On Tuesday the California Senate rejected AB 1998, a measure which would have eliminated single-use plastic bags in grocery stores and pharmacies in 2012 and in liquor stores and convenience stores in 2013.
The bill, introduced by Assembly Member Julia Brownley (D-Santa Monica), would have repealed the at-store bag recycling program requirements and required stores to make reusable bags available for purchase. In addition, the measure would have authorized stores to provide recycled paper bags but would have required stores to charge the consumers for the average cost of the paper bags.
Watch Heal the Bay’s Mockumentary “The Majestic Plastic Bag”:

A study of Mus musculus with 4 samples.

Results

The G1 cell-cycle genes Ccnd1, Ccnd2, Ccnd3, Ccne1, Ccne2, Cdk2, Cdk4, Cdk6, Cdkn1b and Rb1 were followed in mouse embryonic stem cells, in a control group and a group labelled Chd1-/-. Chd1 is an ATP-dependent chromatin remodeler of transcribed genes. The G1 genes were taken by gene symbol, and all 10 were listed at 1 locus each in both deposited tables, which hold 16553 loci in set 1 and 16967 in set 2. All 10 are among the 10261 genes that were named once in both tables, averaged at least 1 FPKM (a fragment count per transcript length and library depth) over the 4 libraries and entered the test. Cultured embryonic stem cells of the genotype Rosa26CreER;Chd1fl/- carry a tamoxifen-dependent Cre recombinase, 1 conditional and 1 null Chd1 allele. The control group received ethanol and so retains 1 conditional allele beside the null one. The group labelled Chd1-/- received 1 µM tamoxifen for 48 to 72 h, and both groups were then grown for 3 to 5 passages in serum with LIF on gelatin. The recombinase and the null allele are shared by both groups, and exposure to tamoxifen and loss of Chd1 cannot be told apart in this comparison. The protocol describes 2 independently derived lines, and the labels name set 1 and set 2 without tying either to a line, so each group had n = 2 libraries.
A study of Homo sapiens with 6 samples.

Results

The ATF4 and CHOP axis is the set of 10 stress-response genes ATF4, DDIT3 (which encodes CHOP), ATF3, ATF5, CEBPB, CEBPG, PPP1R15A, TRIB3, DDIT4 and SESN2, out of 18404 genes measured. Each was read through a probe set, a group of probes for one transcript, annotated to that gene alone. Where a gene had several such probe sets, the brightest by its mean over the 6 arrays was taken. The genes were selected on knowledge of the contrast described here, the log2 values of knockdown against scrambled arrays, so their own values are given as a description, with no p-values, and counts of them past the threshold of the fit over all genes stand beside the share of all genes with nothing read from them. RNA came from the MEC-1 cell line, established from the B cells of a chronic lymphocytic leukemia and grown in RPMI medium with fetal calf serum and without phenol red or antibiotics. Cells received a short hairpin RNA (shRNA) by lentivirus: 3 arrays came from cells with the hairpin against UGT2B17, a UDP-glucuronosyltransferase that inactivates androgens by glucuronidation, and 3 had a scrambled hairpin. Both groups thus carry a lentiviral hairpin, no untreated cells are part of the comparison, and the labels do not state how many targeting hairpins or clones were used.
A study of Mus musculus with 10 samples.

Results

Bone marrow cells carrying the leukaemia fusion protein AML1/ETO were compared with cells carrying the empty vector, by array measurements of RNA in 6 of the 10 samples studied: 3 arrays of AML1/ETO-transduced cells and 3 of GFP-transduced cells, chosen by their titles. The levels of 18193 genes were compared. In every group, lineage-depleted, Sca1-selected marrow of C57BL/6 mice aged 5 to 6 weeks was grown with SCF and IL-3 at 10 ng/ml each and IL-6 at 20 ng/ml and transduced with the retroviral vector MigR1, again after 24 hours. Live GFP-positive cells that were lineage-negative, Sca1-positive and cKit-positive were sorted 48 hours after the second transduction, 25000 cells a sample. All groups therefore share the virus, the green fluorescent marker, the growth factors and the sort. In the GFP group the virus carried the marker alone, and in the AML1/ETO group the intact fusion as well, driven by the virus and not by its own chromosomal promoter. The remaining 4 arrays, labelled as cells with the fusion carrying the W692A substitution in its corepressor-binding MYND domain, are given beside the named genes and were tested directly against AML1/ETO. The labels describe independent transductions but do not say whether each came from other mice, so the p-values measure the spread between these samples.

Supporters of AB 1998 have been trying to pass legislation to address the plastic bag problem for years. San Francisco, Palo Alto, Fairfax and Malibu already have plastic bag bans in place. According to Brownly “California uses 19 billion plastic bags a year… We use them for 10 minutes and it takes 1,000 years to break down.”
It also costs the state $25 million a year to clean up discarded plastic bags. They clog California waterways, pollute the ocean and contribute to the loss of wildlife. Sea birds and sea turtles eat the bags or get tangled in them. Not to mention the 2 million barrels of oil used every year to manufacture the bags.
And the in-store recycling programs aren’t working. The Sierra Club contends that less than 5% of single-use plastic bags are recycled.
Opponents argued that the bag ban bill would have created more state bureaucracy and been too costly for hard-working Californians and businesses already facing tough times. Furthermore, 1,000 workers stood to lose their jobs had the measure passed.
Click here to read the rejected bill.